In Uncategorized on 07/26/2012 at 17:03

And “can’t be deduced from first principles.” Some might rephrase the foregoing to read “can’t be deduced from any principles whatever.” This is the lesson for Charles Grant Beech and Elizabeth A. Beech, in an eponymous Summary Op throwaway, T.C. Sum. Op. 2012-74, filed 7/26/12.

Elizabeth A. got money from Momma’s IRA when Momma died. So this is yet another IRA busted play, where the beneficiary, who is not the decedent’s spouse, gets the distribution in hand on decedent’s death, and puts the money into his or her own IRA within 60 days. Of course, that triggers income eo instante. Not spouse, no rollover, says Section 408(d)(3)(C).

One can, of course, do a trustee-to-trustee, a financial forward pass whereby the beneficiary never puts paw to money. Caselaw and a Rev. Rul., cited in the decision, so provide. But Elizabeth A. got the check in hand, so game over.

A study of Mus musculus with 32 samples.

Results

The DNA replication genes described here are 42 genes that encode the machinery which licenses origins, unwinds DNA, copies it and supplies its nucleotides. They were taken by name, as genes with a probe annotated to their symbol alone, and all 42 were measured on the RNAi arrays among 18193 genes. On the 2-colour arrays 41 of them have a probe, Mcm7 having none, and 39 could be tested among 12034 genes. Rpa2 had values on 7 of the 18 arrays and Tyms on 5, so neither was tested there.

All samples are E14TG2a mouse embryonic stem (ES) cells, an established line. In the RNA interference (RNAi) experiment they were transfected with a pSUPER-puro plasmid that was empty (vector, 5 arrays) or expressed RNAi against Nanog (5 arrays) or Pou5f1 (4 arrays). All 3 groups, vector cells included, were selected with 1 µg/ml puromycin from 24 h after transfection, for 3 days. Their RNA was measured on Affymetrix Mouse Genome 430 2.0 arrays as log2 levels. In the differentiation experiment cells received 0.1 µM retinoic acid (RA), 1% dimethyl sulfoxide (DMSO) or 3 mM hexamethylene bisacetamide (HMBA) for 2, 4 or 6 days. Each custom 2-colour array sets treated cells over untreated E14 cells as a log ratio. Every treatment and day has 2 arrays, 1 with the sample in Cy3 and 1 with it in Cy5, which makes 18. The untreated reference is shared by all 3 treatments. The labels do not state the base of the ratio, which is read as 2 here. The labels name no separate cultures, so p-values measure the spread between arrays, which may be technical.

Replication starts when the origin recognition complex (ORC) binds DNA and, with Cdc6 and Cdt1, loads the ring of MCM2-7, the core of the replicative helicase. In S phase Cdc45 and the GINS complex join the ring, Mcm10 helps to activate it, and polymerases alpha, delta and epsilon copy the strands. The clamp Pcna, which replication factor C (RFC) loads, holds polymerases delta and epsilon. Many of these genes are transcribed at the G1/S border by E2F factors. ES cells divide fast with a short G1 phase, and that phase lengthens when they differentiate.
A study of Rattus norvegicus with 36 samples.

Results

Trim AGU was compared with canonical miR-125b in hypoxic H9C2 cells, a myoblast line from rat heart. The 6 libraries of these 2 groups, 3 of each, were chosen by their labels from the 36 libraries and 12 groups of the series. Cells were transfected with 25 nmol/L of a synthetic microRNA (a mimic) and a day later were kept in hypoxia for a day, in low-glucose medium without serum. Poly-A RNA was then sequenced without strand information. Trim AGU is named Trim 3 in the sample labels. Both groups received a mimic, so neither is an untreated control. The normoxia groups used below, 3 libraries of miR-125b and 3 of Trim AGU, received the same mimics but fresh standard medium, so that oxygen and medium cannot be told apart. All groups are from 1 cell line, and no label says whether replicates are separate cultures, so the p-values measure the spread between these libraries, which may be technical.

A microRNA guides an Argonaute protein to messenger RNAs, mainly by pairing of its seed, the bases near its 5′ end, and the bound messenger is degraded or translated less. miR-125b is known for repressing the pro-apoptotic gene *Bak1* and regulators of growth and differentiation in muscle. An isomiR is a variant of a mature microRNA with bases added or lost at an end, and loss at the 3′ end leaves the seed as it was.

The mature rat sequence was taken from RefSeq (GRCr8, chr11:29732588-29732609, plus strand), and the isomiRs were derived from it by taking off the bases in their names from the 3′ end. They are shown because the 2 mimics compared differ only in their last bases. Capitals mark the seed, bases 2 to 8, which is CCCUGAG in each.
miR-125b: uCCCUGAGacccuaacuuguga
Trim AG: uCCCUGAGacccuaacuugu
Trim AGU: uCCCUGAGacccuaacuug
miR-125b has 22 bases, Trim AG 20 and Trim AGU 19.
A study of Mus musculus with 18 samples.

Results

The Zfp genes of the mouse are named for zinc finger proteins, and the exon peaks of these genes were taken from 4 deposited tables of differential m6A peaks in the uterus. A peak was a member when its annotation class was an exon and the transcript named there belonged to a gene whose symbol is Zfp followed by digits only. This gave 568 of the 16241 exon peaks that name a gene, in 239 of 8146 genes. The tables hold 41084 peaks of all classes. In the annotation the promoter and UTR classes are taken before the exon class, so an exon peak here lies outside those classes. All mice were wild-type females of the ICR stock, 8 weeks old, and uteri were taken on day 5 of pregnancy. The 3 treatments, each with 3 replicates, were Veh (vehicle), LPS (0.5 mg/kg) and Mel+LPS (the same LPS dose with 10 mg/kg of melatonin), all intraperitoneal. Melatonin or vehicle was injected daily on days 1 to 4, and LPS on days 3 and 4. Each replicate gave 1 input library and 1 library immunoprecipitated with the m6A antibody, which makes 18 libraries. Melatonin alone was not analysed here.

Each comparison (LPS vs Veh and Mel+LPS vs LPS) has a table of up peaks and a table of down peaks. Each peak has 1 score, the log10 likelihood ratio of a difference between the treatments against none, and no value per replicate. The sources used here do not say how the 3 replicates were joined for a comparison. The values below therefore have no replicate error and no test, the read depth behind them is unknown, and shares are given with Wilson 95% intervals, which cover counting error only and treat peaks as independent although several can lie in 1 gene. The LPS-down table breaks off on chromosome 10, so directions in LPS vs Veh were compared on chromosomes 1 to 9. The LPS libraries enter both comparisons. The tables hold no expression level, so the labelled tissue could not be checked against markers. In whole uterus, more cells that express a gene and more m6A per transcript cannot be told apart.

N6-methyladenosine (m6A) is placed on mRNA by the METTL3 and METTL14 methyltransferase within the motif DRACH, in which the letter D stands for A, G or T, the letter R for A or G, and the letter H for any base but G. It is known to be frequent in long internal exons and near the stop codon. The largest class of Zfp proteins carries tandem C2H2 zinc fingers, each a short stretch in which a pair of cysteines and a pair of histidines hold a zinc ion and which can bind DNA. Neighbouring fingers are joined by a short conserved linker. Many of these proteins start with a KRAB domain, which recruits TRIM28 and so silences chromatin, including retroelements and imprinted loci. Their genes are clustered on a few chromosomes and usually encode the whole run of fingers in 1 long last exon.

IRS “professionally and honorably”, in Judge Holmes’ phrase, concedes the accuracy penalty.

Elizabeth A. argues substantial compliance, but that avails her not. STJ Dean: “The Court cannot find that petitioners substantially complied with section 408(d)(3)(A)(i) because section 408(d)(3)(C) expressly denies rollover treatment to an inherited IRA. ’Many parts of the tax code are compromises, and all parts reflect the need for lines that can’t be deduced from first principles. * * * The Code’s lines are arbitrary. * * * Congress has concluded that some lines of this kind are appropriate. The judiciary is not authorized to redraw the boundaries.’ Kim v. Commissioner, 679 F.3d 623, 625-626 (7th Cir. 2012), aff’g T.C. Dkt. No. 11902-10 (May 20, 2011) (bench opinion).”

See my blogposts “Ignorance is Bliss?” 11/10/11, and “A Long Dry Spell”, 11/22/11.

So I’ll repeat what I said last November 22: “(W)hat a monumental trap for the unwary has been created by the rollover and distribution rules in the pension and retirement fruit salad in the 400s of the Code.”